Children-specific workshops to cinema, acting to writing, Amole Gupte does it all and tells Sangeetha Devi Dundoo it doesn’t feel like work
When Partho Gupte was four, his father-filmmaker Amol Gupte was happy being a ‘skating dad’ accompanying him to classes. “There’s a business district in Mumbai where roads are taken over by skaters once the shops are shut. I enrolled Partho to this skating school, went with him and saw children learning to skate,” recalls the filmmaker. Amole saw a story emerge and thought it would make for a film. “Skating is like Formula One for children, giving them more adrenaline rush than running or jumping. It’s like being a Ferrari instead of sitting in a Ferrari. Can you imagine them skating at 70km/hr?”
Amole Gupte’s forthcoming film, Hawaa Hawaai, is a sports-centric film starring his son Partho and his friends. “Some of them are state and national-level skaters,” informs the director. Amole wrote the story soon after Taare Zameen Par. “The project didn’t take off. Perhaps there is a time for everything,” he says. In the mean time, he made the endearing Stanley ka Dabba.
No frills please
Amole and his wife and film editor Deepa Bhatia have a way with children. The couple, along with Partho, has been involved in theatre workshops for underprivileged children. “These workshops have been life-changing for some children,” says Amole. Taare Zameen Par (TZP), Stanley ka Dabba and Hawaa Hawaai are extensions of these workshops. Unit members are in tune with the director’s methods. “Children don’t come with requests for privileges like vanity vans. On our sets, no adult is treated above the children. I don’t choose actors who expect typical Bollywood perks,” says Amole. For Hawaa Hawaai, he roped in Saqib Saleem as a skating coach. “I saw this boy in Karan Johar’s portion of Bombay Talkies, which my wife edited. He is a no-fuss actor and connects well with children,” says Amole.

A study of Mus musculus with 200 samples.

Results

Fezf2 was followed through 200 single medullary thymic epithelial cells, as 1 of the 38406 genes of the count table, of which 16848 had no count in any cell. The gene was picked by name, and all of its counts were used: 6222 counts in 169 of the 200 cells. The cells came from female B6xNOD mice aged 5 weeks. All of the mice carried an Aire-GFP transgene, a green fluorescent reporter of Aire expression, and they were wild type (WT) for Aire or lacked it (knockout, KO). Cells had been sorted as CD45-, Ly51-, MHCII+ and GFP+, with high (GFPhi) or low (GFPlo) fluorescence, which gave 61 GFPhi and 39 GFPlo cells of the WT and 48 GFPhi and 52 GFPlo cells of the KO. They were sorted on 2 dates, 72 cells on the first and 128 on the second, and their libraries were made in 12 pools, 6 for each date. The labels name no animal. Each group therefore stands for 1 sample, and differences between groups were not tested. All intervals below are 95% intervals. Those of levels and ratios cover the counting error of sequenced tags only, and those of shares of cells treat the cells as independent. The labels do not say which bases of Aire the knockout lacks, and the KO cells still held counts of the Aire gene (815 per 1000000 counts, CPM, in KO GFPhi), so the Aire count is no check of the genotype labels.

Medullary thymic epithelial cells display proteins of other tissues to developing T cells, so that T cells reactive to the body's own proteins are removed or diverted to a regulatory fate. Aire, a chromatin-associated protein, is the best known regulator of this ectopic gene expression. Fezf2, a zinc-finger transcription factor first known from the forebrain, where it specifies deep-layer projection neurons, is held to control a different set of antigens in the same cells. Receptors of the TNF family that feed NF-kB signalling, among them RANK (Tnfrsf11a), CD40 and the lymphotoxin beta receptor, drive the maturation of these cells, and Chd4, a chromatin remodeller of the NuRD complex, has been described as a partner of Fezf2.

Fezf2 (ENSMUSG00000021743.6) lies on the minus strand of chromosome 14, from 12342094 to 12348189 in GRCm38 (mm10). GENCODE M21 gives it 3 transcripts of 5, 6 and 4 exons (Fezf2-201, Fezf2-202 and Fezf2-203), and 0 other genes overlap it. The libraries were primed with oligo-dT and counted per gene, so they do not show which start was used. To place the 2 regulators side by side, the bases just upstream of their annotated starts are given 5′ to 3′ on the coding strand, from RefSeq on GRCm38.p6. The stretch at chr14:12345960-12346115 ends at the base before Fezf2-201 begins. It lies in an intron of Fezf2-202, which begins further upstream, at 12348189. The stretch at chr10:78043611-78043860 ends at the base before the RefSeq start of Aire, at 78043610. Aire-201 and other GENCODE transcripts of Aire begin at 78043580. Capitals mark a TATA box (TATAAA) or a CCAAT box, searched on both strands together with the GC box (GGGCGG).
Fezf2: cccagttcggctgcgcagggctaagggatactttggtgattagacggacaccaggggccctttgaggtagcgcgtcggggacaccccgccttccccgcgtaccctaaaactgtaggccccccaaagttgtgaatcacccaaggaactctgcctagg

TZP released in 2007, Stanley… in 2011 and this May will see Hawaa Hawaai. The time gap is not a result of him looking for funds. “As and when we feel there’s a story to tell, we make a film,” says Amole. And he acts occasionally for ‘the joy of acting’ than to earn. “After Kaminey, I was flooded with offers. You name a film and I can say it was offered to me. I don’t want an acting career. Luckily, I don’t think I have ‘worked’ a single day in my life. I’ve been having fun,” he smiles. Next, he will be seen in Rohit Shetty’s Singham 2 as the main villain. If the sensibilities of his own films are so different from these acting assignments, Amole reasons, “Partho and I crack up watching Golmaal 3. I like Rohit Shetty’s films because they are simple.”
Let’s talk money
Amole understands he has to survive in an industry filled with Rs.100 crore and 200 crore clubs. “There would have been money spinners during the time of Pyaasa, Do Bigha Zameen and Mother India, but we don’t remember those films. But yes, when I release my films, I’d develop wooden legs if there’s a Ragini MMS releasing,” he admits. Amole is now travelling to different cities, screening his film to school principals, who, he hopes, will take the word to children. “It’s too late in my life to rethink my idea of cinema. I’ll probably go away if I can’t make the films I believe in,” he signs off.
‘Work around children’
Amole Gupte tailors his schedules around children to ensure no child misses school. “We shoot for two to three hours a day, so kids feel they are attending a workshop. Why make labourers out of them? I see television units doing that, making them shoot for 10-12 hours. An owner of a matchbox factory can be arrested for employing children, but child artistes are treated like workers,” he rues. He also doesn’t believe in auditioning children. “I cannot audition 10 kids and choose one. There cannot be a ‘healthy’ competition between children,” he asserts.